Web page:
TAMPA, FL -- They are aggressive, vicious blood suckers. And there's a good chance they are invading your neighborhood.

We're talking about a particular kind of mosquito that's exploding in the Bay area in numbers we haven't seen in a decade.

So, if you've been slapping, swatting and scratching more than usual, it’s not just your imagination.

The Bay Area has been invaded by Ades Taeniorthynchus, better known as the Black Salt Marsh Mosquito.

“They are biters, yes they are,” said Ron Montgomery, of Hillsborough County’s Mosquito Control Office.

Mosquito control workers first started noticing the problem in late May, then watched it balloon in June -- swarms of this particular mosquito, like they hadn't seen in 10 years.

Traps set overnight were snaring 20 times the number of aggressive biting bugs.

“This particular mosquito does prefer humans, and so it gets very aggressive when there is a human around it,” said Montgomery.

Where did they all come from?

Mosquito control says this particular species lays its eggs in dry marsh areas like the mangroves in South Tampa’s Picnic Island Park, or the coastal marshes of Gibsonton and Apollo Beach.

Those eggs can sit there for up to 10 years waiting to hatch.

In June, officials say the Bay Area got a perfect storm of high tides, wind-driven waves and heavy coastal rain that flooded the marsh.

The eggs hatched by the billions.

“If you're within two or three miles of the shoreline, you're going to encounter this mosquito,” said Montgomery.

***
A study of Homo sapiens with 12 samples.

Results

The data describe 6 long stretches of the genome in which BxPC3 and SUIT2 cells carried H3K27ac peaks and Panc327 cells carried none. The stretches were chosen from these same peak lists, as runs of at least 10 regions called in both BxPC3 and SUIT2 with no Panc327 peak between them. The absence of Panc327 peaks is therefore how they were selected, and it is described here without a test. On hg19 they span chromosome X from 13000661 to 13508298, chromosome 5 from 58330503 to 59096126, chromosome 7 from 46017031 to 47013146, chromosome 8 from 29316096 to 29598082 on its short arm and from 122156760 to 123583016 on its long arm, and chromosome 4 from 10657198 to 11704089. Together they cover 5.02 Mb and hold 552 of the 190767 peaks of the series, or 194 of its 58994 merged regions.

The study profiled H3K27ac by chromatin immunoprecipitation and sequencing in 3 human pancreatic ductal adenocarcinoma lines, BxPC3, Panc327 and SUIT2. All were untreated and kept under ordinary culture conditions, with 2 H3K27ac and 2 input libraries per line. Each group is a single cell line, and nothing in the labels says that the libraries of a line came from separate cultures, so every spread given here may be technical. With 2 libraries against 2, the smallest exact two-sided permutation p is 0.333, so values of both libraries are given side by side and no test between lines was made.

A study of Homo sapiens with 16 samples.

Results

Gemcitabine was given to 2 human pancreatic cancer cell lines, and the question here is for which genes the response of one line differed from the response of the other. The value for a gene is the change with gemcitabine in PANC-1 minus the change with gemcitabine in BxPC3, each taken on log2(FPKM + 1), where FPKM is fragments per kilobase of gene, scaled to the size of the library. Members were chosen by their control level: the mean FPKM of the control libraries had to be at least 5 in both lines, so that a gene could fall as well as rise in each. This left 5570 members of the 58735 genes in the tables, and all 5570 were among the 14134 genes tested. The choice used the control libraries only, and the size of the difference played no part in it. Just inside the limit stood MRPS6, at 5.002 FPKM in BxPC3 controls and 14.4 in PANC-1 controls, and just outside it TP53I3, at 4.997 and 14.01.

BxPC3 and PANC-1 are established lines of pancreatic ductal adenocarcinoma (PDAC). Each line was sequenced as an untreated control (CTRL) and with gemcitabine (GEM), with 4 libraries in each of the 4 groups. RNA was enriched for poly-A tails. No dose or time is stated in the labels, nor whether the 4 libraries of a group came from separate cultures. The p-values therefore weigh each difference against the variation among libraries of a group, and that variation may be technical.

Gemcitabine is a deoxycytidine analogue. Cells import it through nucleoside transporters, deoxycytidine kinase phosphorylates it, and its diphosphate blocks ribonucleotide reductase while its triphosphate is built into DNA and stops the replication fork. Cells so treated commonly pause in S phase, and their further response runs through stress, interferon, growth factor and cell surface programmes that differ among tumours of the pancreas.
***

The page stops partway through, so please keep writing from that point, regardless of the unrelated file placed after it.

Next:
The good news? Black salt marsh mosquitoes don't transmit diseases like Zika or West Nile.

The bad news? They're vicious. They can fly six to 10 miles. And they can bite right through thin clothing.

“My 5-year-old is torn up from them,” said Stacey Johnson, who lives in South Tampa. “They don't even like to go outside and play because of them.”

“There's never a time where I go outside that I'm not getting eaten alive by them,” said Alivea Bickley, visiting a park with her 2-year-old son.

Hillsborough and other coastal counties have been aggressively spraying 150 miles - 20,000 acres -- of coastal marshland, in order to kill the insects' larvae.

These aren't the kind of mosquitoes that breed in your backyard, so the best thing you can do, say officials, is to wear repellent until the buzz dies down.

Also consider wear light-colored clothing. Apparently mosquitoes are attracted to darker colors.